Just Wrong?

You would think that after all of the verbal and written complaints of cargo interests in recent months that carriers would be doing everything possible to calm the waters, quiet the rhetoric and simply get on with providing better services.

In the midst of finalizing the trans-Pacific service contract season, where it is assumed the carriers sought and obtained substantial rate increases, there is a new twist to servicing cargo interests. It seems that while capacity is being increased to meet traditional increases in trade, there is still some tightness, part of which may be timing as it takes weeks to ramp up capacity and change schedules.

But during this time, the ongoing tightness of space is having an effect on the spot market rates, raising them above $2,000 to, according to Drewry Shipping Consultants, beyond $2,100. Against this are the service contract rates, some of which are said to be in the range of $1,900, or possibly lower range.

Depending on how the Service Contract is constructed in terms of Minimum Volumes and any weekly guarantees of space, some recently signed service contract volume is being left behind or even being refused bookings. Think that hasn’t caused a stir? The phone and email lines are burning with outrage, much of which may be justified, depends on how the service contracts are written.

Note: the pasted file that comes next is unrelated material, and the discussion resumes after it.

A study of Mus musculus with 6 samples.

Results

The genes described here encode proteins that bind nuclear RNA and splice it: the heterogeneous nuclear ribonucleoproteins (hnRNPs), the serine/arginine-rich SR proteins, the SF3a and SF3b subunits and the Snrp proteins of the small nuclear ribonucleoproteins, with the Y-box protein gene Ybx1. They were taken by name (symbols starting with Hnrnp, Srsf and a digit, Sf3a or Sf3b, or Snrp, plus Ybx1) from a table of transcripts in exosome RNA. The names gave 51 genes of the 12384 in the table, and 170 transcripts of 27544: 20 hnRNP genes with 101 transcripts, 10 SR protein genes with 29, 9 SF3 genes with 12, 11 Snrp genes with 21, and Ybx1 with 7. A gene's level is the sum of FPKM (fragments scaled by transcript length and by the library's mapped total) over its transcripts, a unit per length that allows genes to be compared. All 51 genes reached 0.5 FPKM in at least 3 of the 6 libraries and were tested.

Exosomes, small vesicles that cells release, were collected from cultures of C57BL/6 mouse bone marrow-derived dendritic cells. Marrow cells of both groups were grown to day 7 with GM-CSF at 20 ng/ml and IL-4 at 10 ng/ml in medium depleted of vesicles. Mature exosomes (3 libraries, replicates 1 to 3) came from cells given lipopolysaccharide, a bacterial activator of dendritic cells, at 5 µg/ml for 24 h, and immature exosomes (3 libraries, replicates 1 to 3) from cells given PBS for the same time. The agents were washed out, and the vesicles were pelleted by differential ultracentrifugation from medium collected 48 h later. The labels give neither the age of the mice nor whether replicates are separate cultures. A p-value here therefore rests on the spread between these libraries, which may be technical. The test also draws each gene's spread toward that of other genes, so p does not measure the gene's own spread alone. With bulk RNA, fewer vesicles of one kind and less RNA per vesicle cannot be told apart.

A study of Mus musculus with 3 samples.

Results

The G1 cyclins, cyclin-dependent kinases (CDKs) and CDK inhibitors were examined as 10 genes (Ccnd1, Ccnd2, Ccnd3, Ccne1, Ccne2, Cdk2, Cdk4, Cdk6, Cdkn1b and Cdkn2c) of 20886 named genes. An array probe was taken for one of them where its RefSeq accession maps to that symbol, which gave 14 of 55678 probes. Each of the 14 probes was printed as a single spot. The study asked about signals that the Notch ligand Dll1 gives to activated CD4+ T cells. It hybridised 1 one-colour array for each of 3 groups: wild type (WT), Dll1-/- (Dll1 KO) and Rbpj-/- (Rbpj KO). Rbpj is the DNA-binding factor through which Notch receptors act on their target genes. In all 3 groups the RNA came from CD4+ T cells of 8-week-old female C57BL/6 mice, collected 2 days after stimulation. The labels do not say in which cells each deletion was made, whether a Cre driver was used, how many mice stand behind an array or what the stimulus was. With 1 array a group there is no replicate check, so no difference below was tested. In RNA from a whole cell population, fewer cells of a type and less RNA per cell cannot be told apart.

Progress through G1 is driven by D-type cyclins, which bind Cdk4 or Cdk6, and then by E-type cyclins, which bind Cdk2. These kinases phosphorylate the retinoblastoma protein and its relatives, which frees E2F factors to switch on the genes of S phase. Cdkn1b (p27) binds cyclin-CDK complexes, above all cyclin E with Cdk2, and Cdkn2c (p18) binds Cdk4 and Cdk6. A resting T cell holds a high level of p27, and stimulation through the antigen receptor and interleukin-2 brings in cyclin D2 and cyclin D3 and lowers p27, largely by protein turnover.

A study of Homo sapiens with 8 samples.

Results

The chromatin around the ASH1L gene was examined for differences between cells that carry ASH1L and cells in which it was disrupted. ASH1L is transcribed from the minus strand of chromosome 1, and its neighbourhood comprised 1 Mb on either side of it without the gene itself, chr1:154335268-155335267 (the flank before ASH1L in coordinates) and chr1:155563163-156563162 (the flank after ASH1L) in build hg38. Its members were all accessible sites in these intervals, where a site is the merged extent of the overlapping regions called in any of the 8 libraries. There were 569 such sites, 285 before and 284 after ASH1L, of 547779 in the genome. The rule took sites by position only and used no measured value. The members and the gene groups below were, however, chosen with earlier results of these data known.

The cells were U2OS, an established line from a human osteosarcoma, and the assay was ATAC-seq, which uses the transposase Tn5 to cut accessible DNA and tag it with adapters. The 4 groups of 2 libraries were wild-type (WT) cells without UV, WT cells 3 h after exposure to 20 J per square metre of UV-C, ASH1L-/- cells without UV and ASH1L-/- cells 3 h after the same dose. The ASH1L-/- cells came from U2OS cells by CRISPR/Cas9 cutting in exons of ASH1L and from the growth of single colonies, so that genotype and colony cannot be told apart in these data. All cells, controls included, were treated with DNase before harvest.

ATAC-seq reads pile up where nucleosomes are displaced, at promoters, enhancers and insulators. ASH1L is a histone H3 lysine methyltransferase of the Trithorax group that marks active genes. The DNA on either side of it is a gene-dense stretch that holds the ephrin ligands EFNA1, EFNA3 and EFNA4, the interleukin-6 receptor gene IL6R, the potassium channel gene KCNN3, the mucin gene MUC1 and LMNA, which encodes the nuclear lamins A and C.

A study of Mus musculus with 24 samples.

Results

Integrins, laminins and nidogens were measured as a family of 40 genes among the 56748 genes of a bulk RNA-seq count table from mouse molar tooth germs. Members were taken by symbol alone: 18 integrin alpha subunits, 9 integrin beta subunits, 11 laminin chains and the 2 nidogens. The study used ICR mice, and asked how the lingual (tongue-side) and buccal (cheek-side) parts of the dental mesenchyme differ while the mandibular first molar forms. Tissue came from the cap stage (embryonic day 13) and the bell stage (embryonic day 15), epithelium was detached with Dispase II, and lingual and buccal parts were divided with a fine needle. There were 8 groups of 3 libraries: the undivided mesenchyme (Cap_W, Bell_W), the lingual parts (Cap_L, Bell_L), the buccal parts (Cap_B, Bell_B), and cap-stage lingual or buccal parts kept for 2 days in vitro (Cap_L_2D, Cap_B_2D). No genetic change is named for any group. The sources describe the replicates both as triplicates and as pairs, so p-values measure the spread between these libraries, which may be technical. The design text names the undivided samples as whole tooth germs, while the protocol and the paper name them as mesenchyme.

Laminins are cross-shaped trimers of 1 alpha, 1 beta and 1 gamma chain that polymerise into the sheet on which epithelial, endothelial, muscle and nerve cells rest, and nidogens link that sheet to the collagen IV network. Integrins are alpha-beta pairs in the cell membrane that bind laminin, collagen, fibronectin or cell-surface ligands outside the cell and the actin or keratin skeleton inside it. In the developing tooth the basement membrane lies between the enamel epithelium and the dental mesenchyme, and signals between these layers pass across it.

And I would think that after all of the uproar of the first quarter of this year, cargo interests would insist that service contracts be written by in a way that protects their interests regarding space and equipment.

In most instances, carriers are living up to the contract terms, but there are exceptions – and that is what is bothering shippers.

Apparently in the wake of billions in losses in 2009, some in the industry are looking at bookings on virtually a weekly basis and taking the higher paying cargo first, meaning spot market cargo, to the detriment of service contract customers.

To the degree that this is taking place, it is wrong in many ways and it will kill relationships, at least to the degree that relationships still exist.

My information is that it goes beyond that, albeit in rare instances, some shippers are paying above spot market rates to get space.